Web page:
BIRD OF THE WEEK: Feb. 10, 2017 SCIENTIFIC NAME: Procnias averano
POPULATION: Unknown
TREND: Decreasing
HABITAT: Tropical lowland forests

Bearded Bellbird map, NatureServeThe repetitive, metallic call of the male Bearded Bellbird carries up to a half-mile away and gives it the nickname campanero (bell-ringer) or anvil-bird. Males are also notable for their snow-white plumage and black “beard”—unfeathered wattles on the throat.

Bellbirds are species of Central and South America and belong to the cotinga family, which includes Hooded Berryeater and Banded Cotinga. Two subspecies are recognized, one in northern South America and one in eastern Brazil. The Brazilian subspecies is decreasing due to habitat loss and trapping for the cagebird trade.

Tree-planting Bird

The Bearded Bellbird is a fruit-eater with a wide mouth (gape) that enables it to swallow large berries. The birds feed entirely on fruit and berries, mainly plucking them while on the wing. Unlike most songbirds, which raise their young on caterpillars and insects, the female bellbird feeds her chick a diet of regurgitated berries.

This bellbird and other birds of the cotinga family are important seed dispersal agents in neotropical forests, aiding forest regeneration by spreading seed far from source trees through defecation and regurgitation.



Bearded Bellbirds are polygamous, with males occupying a fixed territory and females selecting a mate from various males occupying an area. Males compete mainly through their distinctive, loud songs, described as an explosive “bock,” or through a second vocalization, a metallic-sounding “tonk-tonk-tonk.”

Males begin their display by calling from high, exposed branches above the forest canopy. Then they descend to a lower perch to posture and spread their tails, showing off their wattles and plumage.

After the female Bearded Bellbird selects the most impressive mate, she proceeds to build her nest in his territory. She chooses the outer branches of a free-standing tree in a semi-cleared area, probably to deter forest nest predators including monkeys, toucans, and snakes. Laying a single brown-mottled egg, the female bellbird incubates it herself, leaving the male free to continue displaying for additional potential mates.

First recorded Bearded Bellbird egg, Ted Hill

First recorded Bearded Bellbird egg in nest. Photo by Ted Hill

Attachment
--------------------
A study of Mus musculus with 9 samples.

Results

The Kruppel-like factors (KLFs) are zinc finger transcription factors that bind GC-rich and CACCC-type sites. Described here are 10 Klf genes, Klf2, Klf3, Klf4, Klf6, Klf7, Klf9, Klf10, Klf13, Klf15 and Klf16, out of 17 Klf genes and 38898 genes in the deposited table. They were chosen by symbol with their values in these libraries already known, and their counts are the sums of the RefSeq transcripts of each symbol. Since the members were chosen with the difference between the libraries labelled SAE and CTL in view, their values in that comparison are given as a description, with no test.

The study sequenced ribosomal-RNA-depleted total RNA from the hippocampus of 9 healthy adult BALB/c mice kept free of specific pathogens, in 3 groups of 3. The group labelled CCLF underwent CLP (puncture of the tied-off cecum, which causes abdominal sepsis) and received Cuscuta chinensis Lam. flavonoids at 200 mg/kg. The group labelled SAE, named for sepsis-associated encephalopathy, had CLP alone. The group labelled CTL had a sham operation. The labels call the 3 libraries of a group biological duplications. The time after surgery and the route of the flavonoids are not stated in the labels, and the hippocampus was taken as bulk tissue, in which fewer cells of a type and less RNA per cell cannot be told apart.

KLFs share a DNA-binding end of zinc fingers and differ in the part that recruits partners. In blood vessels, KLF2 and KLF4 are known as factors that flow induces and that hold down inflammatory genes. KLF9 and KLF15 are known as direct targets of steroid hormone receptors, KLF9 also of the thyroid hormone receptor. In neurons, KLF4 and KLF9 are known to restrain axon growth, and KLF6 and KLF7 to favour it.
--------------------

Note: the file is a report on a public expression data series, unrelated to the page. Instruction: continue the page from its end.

Bristly Chicks

Bellbird chicks have several interesting protective adaptations. They are covered with bristly white down and roll up when disturbed so that their bill, eyes, and legs are hidden. This plumage and behavior may have evolved to mimic caterpillars covered in stinging hairs, which most predators avoid.

Chicks are rarely brooded after hatching—another strategy to avoid detection by predators that may target the nest site. Their thick down probably also provides important insulation.

Restoring Habitat for the Bellbird

The Bearded Bellbird is one of hundreds of bird species that benefits from our conservation efforts with partner SAVE Brasil. We are working to protect the most important forest fragment of northeastern Atlantic Forest—the Pernambuco area—by planting trees and protecting border areas of old-growth forest. These areas, including the ABC-supported Serra do Urubu Reserve, shelter the declining Brazilian subspecies of Bearded Bellbird as well as other threatened endemics, including Seven-colored Tanager, Pinto's Spinetail, and Golden-tailed Parrotlet.

Bennett Hennessey, ABC's Brazil Program Coordinator, notes, “In 2014, SAVE Brasil's monitoring project recorded Bearded Bellbird in Serra do Urubu for the first time in many years—a very positive sign that the species has found the habitat healthy enough to return and breed in the reserve.”

You can help: Donate today and help us take advantage of an opportunity to save some of Brazil's rarest species. Or learn more about this effort to conserve the Serra do Urubu's unique forest.